Cattle farmers and butchers create super-local food chain
- Credit: Sonya Duncan
A Norfolk cattle farm has teamed up with a neighbouring butcher to create a super-local food chain which is helping promote their sustainable "farm-to-fork" story to consumers.
Paula and Clive Bidmead run the Rockland Herefords herd at Rockland St Peter, where a breeding herd of mainly pedigree Hereford cattle graze on 200 acres of grassland, rented from six different landlords.
After a chance meeting at the last Royal Norfolk Show they struck up a partnership with Tony Perkins, who runs the butchers' shop on Church Street in nearby Attleborough.
Now the shop sells meat from cattle reared a maximum of five miles away, and slaughtered at the nearest abattoir at HG Blake in Felthorpe.
And the butchers themselves have become key messengers to tell this story of low food miles and high animal welfare directly to customers who are becoming increasingly concerned about food quality, traceability and the environment.
Mrs Bidmead said: "The point of showing them round was so the butchers could go away very confident that they know how the animals were produced, and how we look after them. Then they can go back and help the customers make that link to where their food comes from, which is extremely important.
Mr Bidmead said the partnership meant he got a premium price for his product, and the ability to get valuable feedback from the customer.
"I can go and see every single animal hanging up in the shop, and I try a bit of meat from every single animal, because it is important to me that the tenderness and flavour is all there," he said. "Without doing that I won't know anything, and the feedback from Tony is very good.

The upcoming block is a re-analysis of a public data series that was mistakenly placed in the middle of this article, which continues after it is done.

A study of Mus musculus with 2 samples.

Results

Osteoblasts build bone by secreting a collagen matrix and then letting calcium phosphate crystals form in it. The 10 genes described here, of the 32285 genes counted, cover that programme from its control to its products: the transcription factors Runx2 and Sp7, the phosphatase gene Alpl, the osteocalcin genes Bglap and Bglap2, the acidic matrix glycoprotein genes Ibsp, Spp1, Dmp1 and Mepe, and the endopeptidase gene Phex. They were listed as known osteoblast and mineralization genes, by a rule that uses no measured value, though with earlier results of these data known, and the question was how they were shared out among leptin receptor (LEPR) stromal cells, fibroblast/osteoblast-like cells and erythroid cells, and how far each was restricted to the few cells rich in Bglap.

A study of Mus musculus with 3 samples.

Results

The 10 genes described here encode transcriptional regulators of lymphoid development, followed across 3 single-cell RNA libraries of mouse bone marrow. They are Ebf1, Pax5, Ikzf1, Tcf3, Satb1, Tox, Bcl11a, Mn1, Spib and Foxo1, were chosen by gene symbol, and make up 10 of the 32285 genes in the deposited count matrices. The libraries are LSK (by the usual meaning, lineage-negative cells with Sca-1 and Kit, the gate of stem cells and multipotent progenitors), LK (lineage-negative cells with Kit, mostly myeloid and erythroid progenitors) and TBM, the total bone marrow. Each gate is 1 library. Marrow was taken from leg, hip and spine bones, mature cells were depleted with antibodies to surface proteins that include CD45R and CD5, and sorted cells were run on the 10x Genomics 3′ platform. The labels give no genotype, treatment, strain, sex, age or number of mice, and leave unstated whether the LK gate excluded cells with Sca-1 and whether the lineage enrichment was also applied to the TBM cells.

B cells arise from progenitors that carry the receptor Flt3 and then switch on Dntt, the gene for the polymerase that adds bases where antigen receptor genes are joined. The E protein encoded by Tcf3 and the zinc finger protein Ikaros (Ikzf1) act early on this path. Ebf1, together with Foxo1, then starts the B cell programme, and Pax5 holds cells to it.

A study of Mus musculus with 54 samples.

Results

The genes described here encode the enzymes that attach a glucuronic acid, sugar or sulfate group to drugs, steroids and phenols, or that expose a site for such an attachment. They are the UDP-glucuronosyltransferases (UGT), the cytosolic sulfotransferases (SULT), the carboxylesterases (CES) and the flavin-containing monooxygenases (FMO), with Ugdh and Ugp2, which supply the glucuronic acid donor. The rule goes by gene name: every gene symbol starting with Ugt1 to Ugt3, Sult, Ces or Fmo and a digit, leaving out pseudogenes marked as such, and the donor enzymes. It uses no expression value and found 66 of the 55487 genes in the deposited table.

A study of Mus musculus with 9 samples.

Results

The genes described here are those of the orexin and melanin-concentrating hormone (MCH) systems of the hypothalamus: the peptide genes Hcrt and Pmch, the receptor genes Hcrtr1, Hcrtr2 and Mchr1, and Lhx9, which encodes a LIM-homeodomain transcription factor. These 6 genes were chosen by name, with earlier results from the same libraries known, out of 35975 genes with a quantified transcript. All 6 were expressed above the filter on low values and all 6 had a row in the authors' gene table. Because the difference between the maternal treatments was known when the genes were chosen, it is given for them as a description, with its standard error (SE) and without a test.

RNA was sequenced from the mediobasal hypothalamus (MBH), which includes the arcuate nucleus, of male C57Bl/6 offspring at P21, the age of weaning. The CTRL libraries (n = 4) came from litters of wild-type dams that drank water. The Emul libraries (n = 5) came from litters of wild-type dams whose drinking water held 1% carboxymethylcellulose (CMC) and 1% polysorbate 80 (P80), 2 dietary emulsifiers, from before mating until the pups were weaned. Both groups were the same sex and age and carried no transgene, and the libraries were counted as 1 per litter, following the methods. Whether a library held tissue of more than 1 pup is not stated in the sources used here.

"We are both working together to push the shop, because we need to work together to be successful.
"I find it quite frustrating that there are an awful lot of other butchers who don't take on board what Tony is doing - if they don't care where their meat comes from, they are missing a trick. They might as well just be a supermarket, as far as I'm concerned.
"There are plenty of good farmers around here supplying everything you can ask for.
"It is not rocket science, what we are doing. We are producing a good product, and doing it well, and we need people to listen to that, as well as all the other bad things that you hear about farming. More people can do it, they just need to put the effort into educating people."
Mr Perkins said it was a "no-brainer" to use the most local suppliers possible.
"It cuts down mileage, we know about the animal welfare as well, and to get a farmer that is actually interested in the end product is great from my point of view," he said.
"It is something that all our butchers can tell people now because they have all come to see the animals in the field. There are good qualified butchers among them, but also some 'newbies' who have never set foot in a field of animals before, and I daresay they were a bit frightened to start with. But it was important."
Mr Perkins' son Jamie, who manages the Attleborough shop, said he had noticed a much greater awareness of provenance and food quality among his customers in recent months.
"For us, animal welfare is a daily topic," he said. "Everybody is so much more aware of it now. So when we can tell people we visit the farms regularly and we know the breeds and how they are treated, we can reassure them and they are a lot happier about knowing the traceability.
"If you can reassure people that produce is well looked after and is a good quality product they can be so much happier about using it and consuming it."